David Cameron Brexit
Before David Cameron announced he would resign as prime minister, he reportedly told aides he did not want to do all the hard work for Brexit only to hand over the leadership to someone else Getty

David Cameron stood down as Prime Minister after confiding in his aides that he did not want to do all the hard work to ease a tricky British exit from the EU, only to hand over to a rival like Boris Johnson.

In apparently emotional scenes before he made the public announcement, Cameron thanked his aides which included chief of staff Ed Llewelyn, his deputy Kate Fall, operations manager Liz Sugg and communications director Craig Oliver.

"Why should I do all the hard s**t for someone else, just to hand it over to them on a plate?" he said according to the Sun. The paper also reported how Cameron had decided to resign if he lost the referendum while voting was still taking place on Thursday.

Meanwhile Theresa May is emerging as the favoured "stop Boris" candidate among Conservative MPs who do not want to see the former London mayor as party leader.

The Times reported that insiders in the party think the Home Secretary is the best person to stabilise the divided party, with one senior figure telling the paper: "I would find it all but impossible to have him (Johnson) as my leader.

"I don't know if he can be prevented from making it to No 10 but many of us are willing to try."

The paper reported that Cameron's resignation in fact took the Johnson camp by surprise and that Cameron will by trying to use the coming three months to influence the appointment of his successor.

Johnson is the bookies' favourite at 8/11, with May second at 3/1 and Michael Gove is at 7/1. The chancellor George Osborne, whose own future is in doubt, is an outsider at 33/1. A meeting of the party's 1922's executive committee on Monday 27 June will decide whether or not Cameron can leave in the autumn, as he said he wanted to.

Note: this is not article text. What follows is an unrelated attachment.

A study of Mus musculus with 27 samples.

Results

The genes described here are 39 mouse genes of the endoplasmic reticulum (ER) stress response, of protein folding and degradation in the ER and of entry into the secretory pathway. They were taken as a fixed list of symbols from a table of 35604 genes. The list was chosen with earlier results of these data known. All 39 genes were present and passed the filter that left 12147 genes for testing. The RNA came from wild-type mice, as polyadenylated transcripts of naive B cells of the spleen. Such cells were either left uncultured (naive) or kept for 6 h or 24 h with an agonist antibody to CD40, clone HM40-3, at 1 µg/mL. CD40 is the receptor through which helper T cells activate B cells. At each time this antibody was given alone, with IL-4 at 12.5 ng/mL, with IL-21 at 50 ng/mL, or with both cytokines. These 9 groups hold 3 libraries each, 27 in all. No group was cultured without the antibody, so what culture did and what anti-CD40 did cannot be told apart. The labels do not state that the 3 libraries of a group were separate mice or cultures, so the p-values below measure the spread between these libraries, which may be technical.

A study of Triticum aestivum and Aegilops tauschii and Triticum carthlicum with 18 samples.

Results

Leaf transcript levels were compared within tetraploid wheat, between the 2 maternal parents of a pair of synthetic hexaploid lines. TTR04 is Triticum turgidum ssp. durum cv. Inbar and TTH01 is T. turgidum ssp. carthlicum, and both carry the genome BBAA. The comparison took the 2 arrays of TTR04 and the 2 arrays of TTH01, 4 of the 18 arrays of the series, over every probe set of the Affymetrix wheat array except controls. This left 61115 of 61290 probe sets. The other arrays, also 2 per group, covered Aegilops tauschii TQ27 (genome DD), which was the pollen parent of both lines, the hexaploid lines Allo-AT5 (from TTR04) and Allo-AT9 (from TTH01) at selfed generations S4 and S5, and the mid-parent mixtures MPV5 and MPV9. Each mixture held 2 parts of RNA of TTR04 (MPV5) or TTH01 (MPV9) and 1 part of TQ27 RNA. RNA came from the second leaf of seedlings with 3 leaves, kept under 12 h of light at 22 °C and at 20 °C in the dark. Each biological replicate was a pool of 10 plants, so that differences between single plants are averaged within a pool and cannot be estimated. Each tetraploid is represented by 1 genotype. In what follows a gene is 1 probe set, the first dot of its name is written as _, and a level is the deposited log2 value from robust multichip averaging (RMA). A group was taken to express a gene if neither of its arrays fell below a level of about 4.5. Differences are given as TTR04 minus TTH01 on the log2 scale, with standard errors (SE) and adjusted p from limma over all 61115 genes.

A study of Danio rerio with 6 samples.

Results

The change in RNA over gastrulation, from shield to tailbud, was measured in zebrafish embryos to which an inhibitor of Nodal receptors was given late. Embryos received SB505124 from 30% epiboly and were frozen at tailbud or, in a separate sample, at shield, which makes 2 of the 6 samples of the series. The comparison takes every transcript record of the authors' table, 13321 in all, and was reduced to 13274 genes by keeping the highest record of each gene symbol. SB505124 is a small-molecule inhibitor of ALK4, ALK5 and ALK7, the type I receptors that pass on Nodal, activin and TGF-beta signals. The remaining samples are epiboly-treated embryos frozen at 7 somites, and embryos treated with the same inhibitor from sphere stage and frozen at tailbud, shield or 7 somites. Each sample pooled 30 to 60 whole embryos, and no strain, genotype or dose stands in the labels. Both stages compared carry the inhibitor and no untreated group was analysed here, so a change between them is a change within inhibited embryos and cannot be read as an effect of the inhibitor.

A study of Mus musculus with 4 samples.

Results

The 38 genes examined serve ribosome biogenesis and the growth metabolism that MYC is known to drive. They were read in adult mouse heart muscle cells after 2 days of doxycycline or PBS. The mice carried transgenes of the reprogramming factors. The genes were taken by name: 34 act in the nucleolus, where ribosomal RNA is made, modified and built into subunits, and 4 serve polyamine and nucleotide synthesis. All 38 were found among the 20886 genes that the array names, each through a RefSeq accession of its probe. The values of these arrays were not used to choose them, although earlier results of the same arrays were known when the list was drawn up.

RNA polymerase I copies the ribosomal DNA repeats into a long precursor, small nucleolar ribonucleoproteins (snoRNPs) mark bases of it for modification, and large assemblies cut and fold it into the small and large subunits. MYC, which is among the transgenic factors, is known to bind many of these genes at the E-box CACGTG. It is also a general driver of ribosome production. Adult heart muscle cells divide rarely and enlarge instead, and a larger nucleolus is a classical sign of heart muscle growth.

Brexit Johnson Gove
Michael Gove MP and Boris Johnson MP following the results of the EU referendum at Westminster Tower Stefan Rousseau

European reaction

Meanwhile, Martin Schulz, the president of the European parliament said the bloc wants Britain out as soon as possible, warning that Cameron's wish to delay the start of Brexit negotiations until his successor is in place may not be fast enough.

He told the Guardian that EU lawyers are looking at whether the process of leaving the union, by triggering article 50 of the Lisbon treaty, could be speeded up.

Schulz said that it was difficult to accept that "a whole continent is taken hostage because of an internal fight in the Tory party".

"I doubt it is only in the hands of the government of the United Kingdom," he said. "We have to take note of this unilateral declaration that they want to wait until October, but that must not be the last word," he told the paper.

President of the European commission, Jean-Claude Juncker, said there was no reason to wait until October to begin negotiating Brexit. "Britons decided yesterday that they want to leave the European Union, so it doesn't make any sense to wait until October to try to negotiate the terms of their departure," the paper reported.

The first meeting of EU leaders with no British representation will be held on Wednesday 29 June. Brussels has urged the UK to start negotiations to leave quickly.